Trump on Syria exit plan: ‘Great nations do not fight endless wars’
President Donald Trump made it clear Tuesday he’s sticking to his campaign promise to make sure “great nations do not fight endless wars” — yet hours earlier, Mitch McConnell led the effort to put the Senate on record opposing Trump’s plan to pull U.S. troops from Syria and Afghanistan.
McConnell, who had applauded Trump and several times stood for ovations, sat motionless, his hands in his lap, as Trump made his statement about wars during Tuesday’s State of the Union address.
“It was a great speech,” McConnell said in a statement after the speech. He praised Trump’s comments on the economy and border security, but made no mention of war strategy.
Earlier in the day, McConnell, R-Kentucky, championed a provision that seeks to put the brakes on what the senator regards as a too-hasty departure from either war theater. It cleared the Senate as part of a larger package, 77 to 23.
McConnell, who generally sides with Trump, called the amendment an “opportunity for senators to go on the record about what the United States should be doing in Syria and Afghanistan.”
Trump said Tuesday that the U.S. has taken nearly all of ISIS’s territory in Iraq and Syria and that “as we work with our allies to destroy the remnants of ISIS, it is time to give our brave warriors in Syria a warm welcome home.”
He said he’s also accelerated negotiations to reach a political settlement in Afghanistan.
“Our troops have fought with unmatched valor — and thanks to their bravery, we are now able to pursue a political solution to this long and bloody conflict,” he said.
McConnell, though, emphasized in speeches on the Senate floor that he believed his proposal would serve as a caution flag, saying last month that the U.S. has “seen the costs of a precipitous withdrawal before in Iraq. And in Afghanistan, we have seen the downsides of telling the enemy they can just wait us out.”
The division over foreign entanglements marks the sharpest schism yet between Trump and the Republican-led Senate, which has generally backed the president, even as he has tested its patience with intemperate tweets and his insistence on a border wall with Mexico that sparked a 35-day government shutdown.
McConnell said his troop amendment would “urge continued commitment from the U.S. military and our partners until we have set the conditions for the enduring defeat of these vile terrorists.”
The amendment calls on the administration to certify that conditions have been met for the defeat of al Qaeda and ISIS “before initiating any significant withdrawal of United States forces from Syria or Afghanistan.”
McConnell has said his initiative follows the thinking of military and intelligence officials about the threat posed by the Islamic State group in Syria and Afghanistan.
“While it is tempting to retreat to the comfort and security of our own shores, there is still a great deal of work to be done,” he cautioned on the Senate floor. “We know that left untended, these conflicts will reverberate in our own cities.”
McConnell’s measure warns that a “precipitous withdrawal” without other efforts to secure gains in Syria and Afghanistan “could allow terrorists to regroup, destabilize critical regions, and create vacuums that could be filled by Iran or Russia, to the detriment of United States interests and those of our allies.”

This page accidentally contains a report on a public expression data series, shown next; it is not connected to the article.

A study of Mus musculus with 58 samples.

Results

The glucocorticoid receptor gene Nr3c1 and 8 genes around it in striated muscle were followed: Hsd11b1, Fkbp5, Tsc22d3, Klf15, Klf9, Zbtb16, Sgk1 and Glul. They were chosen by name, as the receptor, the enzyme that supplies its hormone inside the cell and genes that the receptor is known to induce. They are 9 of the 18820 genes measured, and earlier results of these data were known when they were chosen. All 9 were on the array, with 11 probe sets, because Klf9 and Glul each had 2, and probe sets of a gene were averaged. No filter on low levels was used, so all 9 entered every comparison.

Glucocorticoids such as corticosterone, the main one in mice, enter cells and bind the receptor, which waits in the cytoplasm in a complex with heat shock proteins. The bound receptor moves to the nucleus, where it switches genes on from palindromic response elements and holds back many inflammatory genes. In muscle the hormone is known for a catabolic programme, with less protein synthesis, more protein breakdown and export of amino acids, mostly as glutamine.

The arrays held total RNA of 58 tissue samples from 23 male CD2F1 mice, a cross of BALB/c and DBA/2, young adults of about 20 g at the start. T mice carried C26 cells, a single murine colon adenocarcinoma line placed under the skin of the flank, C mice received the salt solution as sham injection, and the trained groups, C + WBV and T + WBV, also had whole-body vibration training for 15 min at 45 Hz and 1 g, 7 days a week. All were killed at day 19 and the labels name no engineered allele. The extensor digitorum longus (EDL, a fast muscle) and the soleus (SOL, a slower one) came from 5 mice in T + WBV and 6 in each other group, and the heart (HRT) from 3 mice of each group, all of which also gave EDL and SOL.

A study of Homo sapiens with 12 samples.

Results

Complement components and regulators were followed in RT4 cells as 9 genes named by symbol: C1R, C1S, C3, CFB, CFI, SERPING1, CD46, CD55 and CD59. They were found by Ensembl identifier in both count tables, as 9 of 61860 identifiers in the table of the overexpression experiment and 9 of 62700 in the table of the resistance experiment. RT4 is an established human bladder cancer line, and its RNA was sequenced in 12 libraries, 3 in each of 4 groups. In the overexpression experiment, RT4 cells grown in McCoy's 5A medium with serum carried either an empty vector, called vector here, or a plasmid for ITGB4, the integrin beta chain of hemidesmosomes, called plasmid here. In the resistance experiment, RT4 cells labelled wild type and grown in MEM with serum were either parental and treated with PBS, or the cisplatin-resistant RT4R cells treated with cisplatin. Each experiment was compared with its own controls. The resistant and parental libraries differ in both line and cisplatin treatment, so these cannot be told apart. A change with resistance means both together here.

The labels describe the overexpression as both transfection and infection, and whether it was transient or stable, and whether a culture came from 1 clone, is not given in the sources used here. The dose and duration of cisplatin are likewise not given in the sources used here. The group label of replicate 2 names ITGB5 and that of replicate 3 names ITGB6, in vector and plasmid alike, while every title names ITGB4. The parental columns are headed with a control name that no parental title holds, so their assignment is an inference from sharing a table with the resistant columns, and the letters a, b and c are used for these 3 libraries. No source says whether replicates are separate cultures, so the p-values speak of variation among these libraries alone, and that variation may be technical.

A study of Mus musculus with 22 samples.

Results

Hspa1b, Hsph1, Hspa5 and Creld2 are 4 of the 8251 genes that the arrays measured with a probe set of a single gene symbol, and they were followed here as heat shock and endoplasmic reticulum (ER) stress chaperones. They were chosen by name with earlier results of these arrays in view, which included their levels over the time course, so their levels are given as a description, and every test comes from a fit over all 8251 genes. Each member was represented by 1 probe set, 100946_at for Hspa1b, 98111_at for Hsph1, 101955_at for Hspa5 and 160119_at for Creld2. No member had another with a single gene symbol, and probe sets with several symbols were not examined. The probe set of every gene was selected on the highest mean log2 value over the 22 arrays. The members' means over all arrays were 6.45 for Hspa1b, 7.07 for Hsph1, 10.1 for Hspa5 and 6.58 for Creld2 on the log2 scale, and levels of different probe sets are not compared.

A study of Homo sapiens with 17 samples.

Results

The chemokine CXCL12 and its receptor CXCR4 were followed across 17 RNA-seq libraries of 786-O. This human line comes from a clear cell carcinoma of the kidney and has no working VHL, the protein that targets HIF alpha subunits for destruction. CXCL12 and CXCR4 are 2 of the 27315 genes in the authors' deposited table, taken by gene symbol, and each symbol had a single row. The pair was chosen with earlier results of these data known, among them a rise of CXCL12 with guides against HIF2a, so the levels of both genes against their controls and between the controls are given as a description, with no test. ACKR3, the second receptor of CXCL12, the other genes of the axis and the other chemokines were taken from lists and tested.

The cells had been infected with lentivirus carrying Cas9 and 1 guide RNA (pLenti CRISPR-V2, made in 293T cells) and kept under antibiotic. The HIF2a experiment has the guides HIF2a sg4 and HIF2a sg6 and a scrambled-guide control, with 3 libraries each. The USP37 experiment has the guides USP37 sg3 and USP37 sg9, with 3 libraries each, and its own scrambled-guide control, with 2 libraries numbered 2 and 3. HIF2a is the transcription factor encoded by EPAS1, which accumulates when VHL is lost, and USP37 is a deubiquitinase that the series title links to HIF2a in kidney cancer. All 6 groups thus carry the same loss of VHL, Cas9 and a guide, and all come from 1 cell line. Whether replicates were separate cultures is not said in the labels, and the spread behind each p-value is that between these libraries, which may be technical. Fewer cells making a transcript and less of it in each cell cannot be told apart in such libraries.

Trump announced in a December Twitter post that the U.S. would withdraw American military personnel from Syria, contending that “We have defeated ISIS in Syria, my only reason for being there during the Trump presidency.”
The declaration sparked dismay from Republican hawks and helped lead to the resignation of Defense Secretary James Mattis.
Sen. Rand Paul, R-Kentucky, hailed Trump’s decision Monday and denounced McConnell’s resolution as the product of a “war caucus” that is enabling never-ending conflict.
Paul found some like-minded senators. Sen. John Kennedy, R-Louisiana, said Tuesday that he voted against McConnell’s amendment because he was uncertain about the correct course of action. He said he’s asked McConnell for a classified briefing with proponents and opponents of a U.S. withdrawal.
“We have received such conflicting information,” Kennedy said on the Senate floor. “I’m not saying Senator McConnell is wrong, I’m just not sure he’s right.”
McConnell rejected Trump’s assertion that the U.S. has been involved in “endless wars” in a Fox News interview prior to the president’s address.
“Sometimes American presence overseas in troubled areas .. is very important,” McConnell said, contending that former President Barack Obama’s decision to leave Iraq led to the rise of ISIS. “I don’t think we’ve been involved in endless wars. We’re there because they attacked us on 9-11 and we’re trying to prevent that again.”
He also rejected Trump’s critique — which Trump repeated at the State of the Union — that the intervention is too costly.
“In Afghanistan and Iraq, nearly 7,000 American heroes have given their lives,” Trump said. “More than 52,000 Americans have been badly wounded. We have spent more than $7 trillion in the Middle East.”
But, McConnell told Fox to “remember the carnage associated with 9/11. How much did that cost, the aftermath of that? Not only in lives but in costs – financial costs and rebuilding,” he said. “Look, we can fight them over there or we can fight them here. I prefer over there.”
McConnell in his Fox News interview suggested one other area of disagreement. He made it plain he’s still interested in having Secretary of State Mike Pompeo run for Senate to succeed retiring Sen. Pat Roberts, R-Kansas. His remarks came as Trump on Sunday tried to suggest McConnell’s interest was “fake news” and that Pompeo was “absolutely not leaving” to run for Senate.
“At some point, he might decide he wants a different job and I wanted him to know we’d all be behind him if he did,” McConnell told Fox.